First Solar, Inc. (NASDAQ:FSLR) just released its latest yearly report and things are not looking great. Results look to have been somewhat negative - revenue fell 3.7% short of analyst estimates at US$2.7b, and statutory earnings of US$3.73 per share missed forecasts by 5.3%. This is an important time for investors, as they can track a company's performance in its report, look at what experts are forecasting for next year, and see if there has been any change to expectations for the business. With this in mind, we've gathered the latest statutory forecasts to see what the analysts are expecting for next year.
After the latest results, the twelve analysts covering First Solar are now predicting revenues of US$2.92b in 2021. If met, this would reflect an okay 7.9% improvement in sales compared to the last 12 months. Statutory earnings per share are predicted to ascend 10% to US$4.16. In the lead-up to this report, the analysts had been modelling revenues of US$3.02b and earnings per share (EPS) of US$3.69 in 2021. While revenue forecasts have been revised downwards, the analysts look to have become more optimistic on the company's cost base, given the substantial gain in to the earnings per share numbers.
The consensus has made no major changes to the price target of US$90.86, suggesting the forecast improvement in earnings is expected to offset the decline in revenues next year. There's another way to think about price targets though, and that's to look at the range of price targets put forward by analysts, because a wide range of estimates could suggest a diverse view on possible outcomes for the business. Currently, the most bullish analyst values First Solar at US$141 per share, while the most bearish prices it at US$52.00. Note the wide gap in analyst price targets? This implies to us that there is a fairly broad range of possible scenarios for the underlying business.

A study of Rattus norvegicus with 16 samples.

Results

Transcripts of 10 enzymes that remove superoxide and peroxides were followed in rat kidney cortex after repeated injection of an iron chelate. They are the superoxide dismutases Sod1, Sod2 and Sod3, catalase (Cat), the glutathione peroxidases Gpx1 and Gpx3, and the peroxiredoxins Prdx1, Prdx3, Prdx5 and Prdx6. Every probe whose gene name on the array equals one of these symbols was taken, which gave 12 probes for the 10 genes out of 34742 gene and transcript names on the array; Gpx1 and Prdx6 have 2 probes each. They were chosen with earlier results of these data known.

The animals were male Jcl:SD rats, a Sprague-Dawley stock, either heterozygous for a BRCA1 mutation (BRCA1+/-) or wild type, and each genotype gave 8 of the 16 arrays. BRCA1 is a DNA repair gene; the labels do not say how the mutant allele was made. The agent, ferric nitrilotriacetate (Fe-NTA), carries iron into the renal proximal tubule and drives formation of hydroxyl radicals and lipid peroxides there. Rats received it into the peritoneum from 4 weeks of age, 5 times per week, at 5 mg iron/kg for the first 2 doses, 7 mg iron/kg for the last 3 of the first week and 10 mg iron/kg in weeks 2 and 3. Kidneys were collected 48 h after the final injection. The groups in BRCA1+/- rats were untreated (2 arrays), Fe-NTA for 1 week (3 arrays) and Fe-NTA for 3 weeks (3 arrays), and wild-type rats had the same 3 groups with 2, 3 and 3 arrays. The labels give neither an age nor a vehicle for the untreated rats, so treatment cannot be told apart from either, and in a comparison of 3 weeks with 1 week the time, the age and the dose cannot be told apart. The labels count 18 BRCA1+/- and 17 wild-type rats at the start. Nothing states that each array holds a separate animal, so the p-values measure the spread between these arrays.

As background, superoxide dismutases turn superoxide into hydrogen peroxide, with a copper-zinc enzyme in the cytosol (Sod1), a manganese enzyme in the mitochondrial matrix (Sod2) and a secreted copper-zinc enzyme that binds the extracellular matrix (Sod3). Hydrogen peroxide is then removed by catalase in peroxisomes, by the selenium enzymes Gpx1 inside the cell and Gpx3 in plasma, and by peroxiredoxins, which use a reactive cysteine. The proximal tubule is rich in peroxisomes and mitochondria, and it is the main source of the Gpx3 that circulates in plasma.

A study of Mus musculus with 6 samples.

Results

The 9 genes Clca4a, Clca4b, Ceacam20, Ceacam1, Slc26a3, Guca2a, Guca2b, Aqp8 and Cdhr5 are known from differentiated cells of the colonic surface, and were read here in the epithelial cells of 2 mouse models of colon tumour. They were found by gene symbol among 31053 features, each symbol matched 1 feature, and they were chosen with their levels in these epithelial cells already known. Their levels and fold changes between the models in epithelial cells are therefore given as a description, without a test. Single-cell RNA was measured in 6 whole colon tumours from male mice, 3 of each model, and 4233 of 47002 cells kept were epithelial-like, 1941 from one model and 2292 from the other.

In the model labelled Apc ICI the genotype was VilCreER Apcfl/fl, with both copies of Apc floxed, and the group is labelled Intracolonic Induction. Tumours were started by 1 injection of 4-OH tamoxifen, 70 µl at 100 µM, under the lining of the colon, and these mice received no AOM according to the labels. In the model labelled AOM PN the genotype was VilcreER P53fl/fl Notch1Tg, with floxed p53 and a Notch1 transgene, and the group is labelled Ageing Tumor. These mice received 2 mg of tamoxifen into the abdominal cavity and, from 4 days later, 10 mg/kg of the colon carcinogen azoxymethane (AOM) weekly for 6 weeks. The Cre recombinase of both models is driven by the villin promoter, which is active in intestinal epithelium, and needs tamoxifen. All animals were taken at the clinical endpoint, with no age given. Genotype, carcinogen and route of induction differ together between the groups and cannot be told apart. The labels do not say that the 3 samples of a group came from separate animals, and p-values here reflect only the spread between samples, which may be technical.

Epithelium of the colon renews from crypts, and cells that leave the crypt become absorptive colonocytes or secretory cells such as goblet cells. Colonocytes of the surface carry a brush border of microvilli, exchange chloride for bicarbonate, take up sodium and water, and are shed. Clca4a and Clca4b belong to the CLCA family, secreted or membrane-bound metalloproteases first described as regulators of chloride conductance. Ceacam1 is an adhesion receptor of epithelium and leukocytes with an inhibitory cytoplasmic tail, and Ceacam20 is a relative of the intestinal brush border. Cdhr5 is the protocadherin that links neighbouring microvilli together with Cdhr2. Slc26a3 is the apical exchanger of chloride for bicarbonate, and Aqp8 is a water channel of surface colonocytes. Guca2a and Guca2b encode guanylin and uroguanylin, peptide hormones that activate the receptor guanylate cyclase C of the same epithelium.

These estimates are interesting, but it can be useful to paint some more broad strokes when seeing how forecasts compare, both to the First Solar's past performance and to peers in the same industry. One thing stands out from these estimates, which is that First Solar is forecast to grow faster in the future than it has in the past, with revenues expected to grow 7.9%. If achieved, this would be a much better result than the 6.3% annual decline over the past five years. Compare this against analyst estimates for the wider industry, which suggest that (in aggregate) industry revenues are expected to grow 8.7% next year. So while First Solar's revenues are expected to improve, it seems that it is expected to grow at about the same rate as the overall industry.
The Bottom Line
The most important thing here is that the analysts upgraded their earnings per share estimates, suggesting that there has been a clear increase in optimism towards First Solar following these results. They also downgraded their revenue estimates, although as we saw earlier, forecast growth is only expected to be about the same as the wider industry. Yet - earnings are more important to the intrinsic value of the business. There was no real change to the consensus price target, suggesting that the intrinsic value of the business has not undergone any major changes with the latest estimates.
With that in mind, we wouldn't be too quick to come to a conclusion on First Solar. Long-term earnings power is much more important than next year's profits. We have estimates - from multiple First Solar analysts - going out to 2023, and you can see them free on our platform here.
That said, it's still necessary to consider the ever-present spectre of investment risk. We've identified 3 warning signs with First Solar (at least 2 which don't sit too well with us) , and understanding these should be part of your investment process.
This article by Simply Wall St is general in nature. It does not constitute a recommendation to buy or sell any stock, and does not take account of your objectives, or your financial situation. We aim to bring you long-term focused analysis driven by fundamental data. Note that our analysis may not factor in the latest price-sensitive company announcements or qualitative material. Simply Wall St has no position in any stocks mentioned.